17 September 2005

Loyalist jailed for Harryville horror

Belfast Telegraph

I'm still living in fear says Catholic victim

By Deborah McAleese
17 September 2005

A Ballymena loyalist who strangled and repeatedly stabbed a Catholic man in an horrific sectarian attack and then planned to cut up his body with a saw was last night starting a 16-year sentence behind bars.

But even with the depraved thug safely off the streets the victim of the horrific murder attempt said he would never be able to put the terrifying ordeal behind him.

Neil White (30), from Wakehurst Road, Ballymena, was one of three men who tried to strangle 31-year-old Michael Reid with a phone chord and then stabbed him repeatedly with a knife shouting sectarian abuse in October 2003 at a house in Patrick Place, Harryville.

Mr Reid was forced to pretend he was dead in the hope that White and the two accomplices - who have never been caught - would stop attacking him.

As he lay motionless in a pool of blood White and the two men continued to kick and stab him to make sure he was dead and then started to discuss how they would dispose of his body. They then decided to get a saw and cut him up.

While the two other men left to get a saw White stayed with the body but Mr Reid was able to fight White off and make his escape.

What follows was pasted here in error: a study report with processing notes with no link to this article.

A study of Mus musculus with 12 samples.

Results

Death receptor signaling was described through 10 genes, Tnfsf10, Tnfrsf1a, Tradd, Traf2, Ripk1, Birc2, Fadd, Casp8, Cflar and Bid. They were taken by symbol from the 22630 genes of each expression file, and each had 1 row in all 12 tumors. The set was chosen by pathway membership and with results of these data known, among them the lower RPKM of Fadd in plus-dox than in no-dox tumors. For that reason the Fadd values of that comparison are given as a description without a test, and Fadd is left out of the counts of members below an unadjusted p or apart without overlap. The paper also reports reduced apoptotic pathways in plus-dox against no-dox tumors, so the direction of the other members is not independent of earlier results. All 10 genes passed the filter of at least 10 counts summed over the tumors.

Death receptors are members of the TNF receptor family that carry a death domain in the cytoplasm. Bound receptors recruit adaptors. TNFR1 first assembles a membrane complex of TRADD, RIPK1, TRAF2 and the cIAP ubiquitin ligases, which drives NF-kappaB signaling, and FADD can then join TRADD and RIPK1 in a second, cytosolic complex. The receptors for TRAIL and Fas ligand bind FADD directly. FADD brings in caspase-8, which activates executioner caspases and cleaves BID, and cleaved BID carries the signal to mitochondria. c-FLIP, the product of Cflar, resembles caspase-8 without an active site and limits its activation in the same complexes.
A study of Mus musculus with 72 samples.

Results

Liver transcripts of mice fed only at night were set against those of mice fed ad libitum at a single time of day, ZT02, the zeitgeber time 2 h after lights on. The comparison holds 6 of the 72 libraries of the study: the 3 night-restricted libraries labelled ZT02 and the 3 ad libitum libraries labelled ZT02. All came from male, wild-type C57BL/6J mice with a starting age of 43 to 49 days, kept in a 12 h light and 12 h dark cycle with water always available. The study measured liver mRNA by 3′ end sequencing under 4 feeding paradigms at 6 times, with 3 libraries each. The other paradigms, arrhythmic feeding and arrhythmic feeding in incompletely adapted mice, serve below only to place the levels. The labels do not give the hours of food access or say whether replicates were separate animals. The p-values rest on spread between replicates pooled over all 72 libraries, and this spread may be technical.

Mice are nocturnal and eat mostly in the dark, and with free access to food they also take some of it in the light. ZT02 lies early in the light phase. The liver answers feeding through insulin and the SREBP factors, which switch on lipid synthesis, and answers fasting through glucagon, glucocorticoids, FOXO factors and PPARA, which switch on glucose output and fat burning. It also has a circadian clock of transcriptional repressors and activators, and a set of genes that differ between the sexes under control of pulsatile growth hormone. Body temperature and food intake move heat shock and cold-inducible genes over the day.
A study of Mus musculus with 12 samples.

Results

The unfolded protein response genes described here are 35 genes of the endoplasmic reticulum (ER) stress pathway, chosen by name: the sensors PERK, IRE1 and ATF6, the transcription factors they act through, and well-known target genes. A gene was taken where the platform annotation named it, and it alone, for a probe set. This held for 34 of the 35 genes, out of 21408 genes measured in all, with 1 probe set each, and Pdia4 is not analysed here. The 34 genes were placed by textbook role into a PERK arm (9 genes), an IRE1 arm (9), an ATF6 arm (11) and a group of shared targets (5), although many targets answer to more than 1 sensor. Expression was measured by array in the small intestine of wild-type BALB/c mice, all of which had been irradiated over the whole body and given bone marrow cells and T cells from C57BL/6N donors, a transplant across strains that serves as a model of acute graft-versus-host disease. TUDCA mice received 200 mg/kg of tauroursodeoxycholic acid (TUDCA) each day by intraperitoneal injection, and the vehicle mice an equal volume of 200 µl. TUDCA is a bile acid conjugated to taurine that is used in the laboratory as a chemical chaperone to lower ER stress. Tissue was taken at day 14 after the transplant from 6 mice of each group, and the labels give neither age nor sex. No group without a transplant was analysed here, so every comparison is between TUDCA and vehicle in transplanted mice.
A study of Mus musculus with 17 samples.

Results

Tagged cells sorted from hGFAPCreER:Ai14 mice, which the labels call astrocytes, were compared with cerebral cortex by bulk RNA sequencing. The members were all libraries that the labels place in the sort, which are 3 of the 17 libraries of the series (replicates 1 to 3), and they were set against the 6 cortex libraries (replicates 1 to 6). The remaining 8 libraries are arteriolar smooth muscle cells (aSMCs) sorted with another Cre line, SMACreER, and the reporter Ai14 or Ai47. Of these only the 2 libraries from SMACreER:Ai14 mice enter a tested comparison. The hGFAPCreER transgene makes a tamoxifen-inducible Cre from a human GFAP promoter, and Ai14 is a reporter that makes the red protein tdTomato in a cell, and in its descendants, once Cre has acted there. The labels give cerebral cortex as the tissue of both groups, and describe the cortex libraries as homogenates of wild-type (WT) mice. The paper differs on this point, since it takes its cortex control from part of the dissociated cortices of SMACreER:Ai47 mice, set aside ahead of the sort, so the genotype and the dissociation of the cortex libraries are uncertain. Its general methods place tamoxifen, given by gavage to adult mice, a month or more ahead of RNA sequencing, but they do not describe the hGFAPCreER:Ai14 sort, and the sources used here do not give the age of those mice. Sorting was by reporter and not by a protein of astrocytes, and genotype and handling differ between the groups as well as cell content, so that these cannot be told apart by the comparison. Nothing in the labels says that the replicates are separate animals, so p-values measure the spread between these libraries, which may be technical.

He ran from the house but collapsed a short distance away where he was picked up by a passing police patrol.

As White was imprisoned at Belfast Crown Court yesterday, Mr Reid, who has been forced into hiding, said he was still living in fear. Speaking to the Belfast Telegraph he said: "I am still in fear for my life as the two other men are still out there. I want police to keep trying to get them.

"I expected White to get about 16 years so I suppose I am happy enough with that but I wish he had got more. I will never be able to put this behind me but I'm just trying to get on with my life as best I can."

Sentencing White, Mr Justice Coghlin said sectarianism was a "corrosive toxin that remorselessly eats away at the social fabric surrounding many communities in Northern Ireland".

He said: "Mr Reid was a Catholic in Harryville, the wrong person in the wrong place at the wrong time.

"Over time sectarianism has been cynically exploited by politicians and paramilitaries.

"No child is born sectarian but rather acquires such attitudes and beliefs as a result of social contact and influence including family, peer groups and the wider community."